A new survey has revealed that work-life balance is the number one well-being issue Irish employers are concerned about followed closely by mental health and burnout.
The 2021 Global Well-being Survey was carried out on behalf of Aon by global market research company IPSOS.
It found that 70% of employers in Ireland identified work-life balance as the top well-being risk currently facing their employees.
66% also identified mental health as a concern, while 45% said the current working environment was a concern and 39% said employee burnout was a worry.
However, the survey reveals that Irish companies are ahead of their international competitors in embracing employee well-being .
96% of businesses here have at least one employee well-being initiative in place compared to 86% of firms in Europe.
But only one in two firms have a comprehensive employee wellbeing strategy in place and the survey found that investment is the number one challenge for firms either looking to create an employee well-being strategy or expanding an existing programme.
This is compounded by the fact that 56% of businesses reported a lack of leadership focus as being the principal obstacle to prioritising well-being within their organisations.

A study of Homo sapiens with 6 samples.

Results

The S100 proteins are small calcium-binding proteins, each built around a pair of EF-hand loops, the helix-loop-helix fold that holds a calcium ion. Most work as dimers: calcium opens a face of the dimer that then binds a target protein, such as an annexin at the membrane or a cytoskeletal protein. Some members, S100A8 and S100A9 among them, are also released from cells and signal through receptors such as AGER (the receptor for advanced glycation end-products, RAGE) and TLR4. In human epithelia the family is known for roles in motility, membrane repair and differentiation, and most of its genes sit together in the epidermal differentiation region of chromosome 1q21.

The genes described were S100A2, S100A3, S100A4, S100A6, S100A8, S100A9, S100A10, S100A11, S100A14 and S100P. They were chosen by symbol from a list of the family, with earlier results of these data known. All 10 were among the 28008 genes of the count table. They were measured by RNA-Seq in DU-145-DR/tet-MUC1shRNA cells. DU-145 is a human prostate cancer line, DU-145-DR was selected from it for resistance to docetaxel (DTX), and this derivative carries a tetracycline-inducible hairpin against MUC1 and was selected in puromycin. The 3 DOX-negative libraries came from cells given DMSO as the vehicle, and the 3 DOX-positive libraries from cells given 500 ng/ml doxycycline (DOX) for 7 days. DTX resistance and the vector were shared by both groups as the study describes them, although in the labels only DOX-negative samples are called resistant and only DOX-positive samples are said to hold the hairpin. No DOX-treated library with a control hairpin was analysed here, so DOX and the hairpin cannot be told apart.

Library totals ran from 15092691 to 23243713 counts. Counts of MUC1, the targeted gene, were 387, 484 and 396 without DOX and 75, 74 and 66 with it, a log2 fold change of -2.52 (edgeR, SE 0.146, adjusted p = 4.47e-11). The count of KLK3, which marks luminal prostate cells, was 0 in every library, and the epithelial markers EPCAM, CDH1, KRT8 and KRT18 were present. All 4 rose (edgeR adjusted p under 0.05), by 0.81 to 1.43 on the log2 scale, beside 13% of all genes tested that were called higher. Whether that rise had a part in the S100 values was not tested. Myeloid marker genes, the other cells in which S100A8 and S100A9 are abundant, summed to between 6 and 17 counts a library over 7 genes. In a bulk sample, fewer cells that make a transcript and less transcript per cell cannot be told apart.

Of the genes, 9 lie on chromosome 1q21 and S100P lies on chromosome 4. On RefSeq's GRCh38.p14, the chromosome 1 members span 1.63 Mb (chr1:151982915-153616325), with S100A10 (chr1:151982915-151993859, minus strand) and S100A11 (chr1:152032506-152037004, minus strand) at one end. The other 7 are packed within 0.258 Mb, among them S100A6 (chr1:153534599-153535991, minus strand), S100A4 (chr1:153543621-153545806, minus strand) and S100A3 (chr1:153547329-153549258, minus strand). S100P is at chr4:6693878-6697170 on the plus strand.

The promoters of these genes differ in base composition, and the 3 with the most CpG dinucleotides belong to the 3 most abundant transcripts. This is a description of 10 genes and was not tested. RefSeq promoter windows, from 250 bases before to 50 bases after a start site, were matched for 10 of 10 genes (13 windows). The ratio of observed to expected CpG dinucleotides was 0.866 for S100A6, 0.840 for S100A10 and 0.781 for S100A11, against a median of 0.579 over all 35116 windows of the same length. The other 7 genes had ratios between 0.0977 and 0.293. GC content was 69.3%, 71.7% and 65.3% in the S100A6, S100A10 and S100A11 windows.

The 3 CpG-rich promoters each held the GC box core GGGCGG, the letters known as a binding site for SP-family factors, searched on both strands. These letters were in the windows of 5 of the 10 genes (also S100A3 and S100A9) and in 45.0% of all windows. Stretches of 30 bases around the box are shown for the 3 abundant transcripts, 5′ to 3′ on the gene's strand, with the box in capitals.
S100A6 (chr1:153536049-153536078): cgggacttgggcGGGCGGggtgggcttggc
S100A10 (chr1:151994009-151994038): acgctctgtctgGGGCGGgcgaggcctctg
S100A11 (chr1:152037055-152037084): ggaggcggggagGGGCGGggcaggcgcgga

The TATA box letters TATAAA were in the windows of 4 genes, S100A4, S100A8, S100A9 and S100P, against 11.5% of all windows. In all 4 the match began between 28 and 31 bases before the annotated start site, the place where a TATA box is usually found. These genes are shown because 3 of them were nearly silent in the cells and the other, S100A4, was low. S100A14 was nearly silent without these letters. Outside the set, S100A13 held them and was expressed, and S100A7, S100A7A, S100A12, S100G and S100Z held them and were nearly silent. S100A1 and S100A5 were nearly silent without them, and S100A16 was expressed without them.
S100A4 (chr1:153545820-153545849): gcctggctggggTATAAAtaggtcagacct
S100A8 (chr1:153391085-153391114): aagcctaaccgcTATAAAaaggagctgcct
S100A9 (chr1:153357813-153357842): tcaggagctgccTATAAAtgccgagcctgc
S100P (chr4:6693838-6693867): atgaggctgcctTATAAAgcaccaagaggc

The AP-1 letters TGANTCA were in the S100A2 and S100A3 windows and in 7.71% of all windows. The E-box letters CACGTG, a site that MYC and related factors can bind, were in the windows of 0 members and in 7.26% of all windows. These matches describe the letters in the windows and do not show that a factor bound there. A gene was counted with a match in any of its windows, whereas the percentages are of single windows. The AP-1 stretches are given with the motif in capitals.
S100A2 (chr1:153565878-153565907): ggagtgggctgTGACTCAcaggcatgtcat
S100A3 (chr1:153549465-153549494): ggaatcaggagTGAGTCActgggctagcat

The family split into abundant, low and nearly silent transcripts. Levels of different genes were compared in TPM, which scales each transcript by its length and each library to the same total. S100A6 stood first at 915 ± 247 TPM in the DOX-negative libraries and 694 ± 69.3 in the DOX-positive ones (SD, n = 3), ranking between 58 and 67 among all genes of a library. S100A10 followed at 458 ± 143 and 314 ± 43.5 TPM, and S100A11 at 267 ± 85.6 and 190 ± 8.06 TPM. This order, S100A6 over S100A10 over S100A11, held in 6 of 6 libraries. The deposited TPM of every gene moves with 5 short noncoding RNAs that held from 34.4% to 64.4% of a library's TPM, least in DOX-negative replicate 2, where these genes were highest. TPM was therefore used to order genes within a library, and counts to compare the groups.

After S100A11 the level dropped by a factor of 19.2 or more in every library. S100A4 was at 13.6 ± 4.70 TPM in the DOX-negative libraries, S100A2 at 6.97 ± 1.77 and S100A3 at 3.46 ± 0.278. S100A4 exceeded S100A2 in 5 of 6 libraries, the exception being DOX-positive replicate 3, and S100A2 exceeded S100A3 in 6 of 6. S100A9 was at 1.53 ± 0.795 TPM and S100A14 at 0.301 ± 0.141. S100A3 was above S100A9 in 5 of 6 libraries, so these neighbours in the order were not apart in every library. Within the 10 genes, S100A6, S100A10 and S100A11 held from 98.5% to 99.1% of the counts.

87% of Irish companies surveyed agreed that the HR Director is the biggest supporter of wellbeing initiatives, followed by the CEO (76%).
Aon also said that improving employee well-being by 4% results in a 1% increase in company profit and a 1% decrease in employee turnover.
This comes as 47% of Irish businesses have identified attracting and retaining talent as the main factor negatively impacting their business compared to 31% who pointed towards adapting to changing customer needs due to Covid-19.
Ian Thornton, Managing Director of Health and Benefits at Aon in Ireland, said that the health and well-being of employees has been the number one priority of business leaders as they navigated the Covid pandemic.
“With the fundamental shift in where, how and when work gets done in recent months and the prevalence of a multigenerational workforce, employee wellbeing is more important than ever before,” Mr Thornton said.
But he said that well-being is so much more than an individual programme, adding that requires leadership support and buy-in to create a strategy and business culture that can positively impact employees and company performance.
“Over the coming months, business leaders will need to ensure there is no disconnect between the requirements of employees and the wellbeing supports available to them,” he said.
“As hybrid working becomes a way of life for many, companies will need to support the rapidly changing needs of employees – not just physical well-being, but increasingly, emotional well-being including addressing work-life balance and burnout challenges, as well as financial well-being,” he added.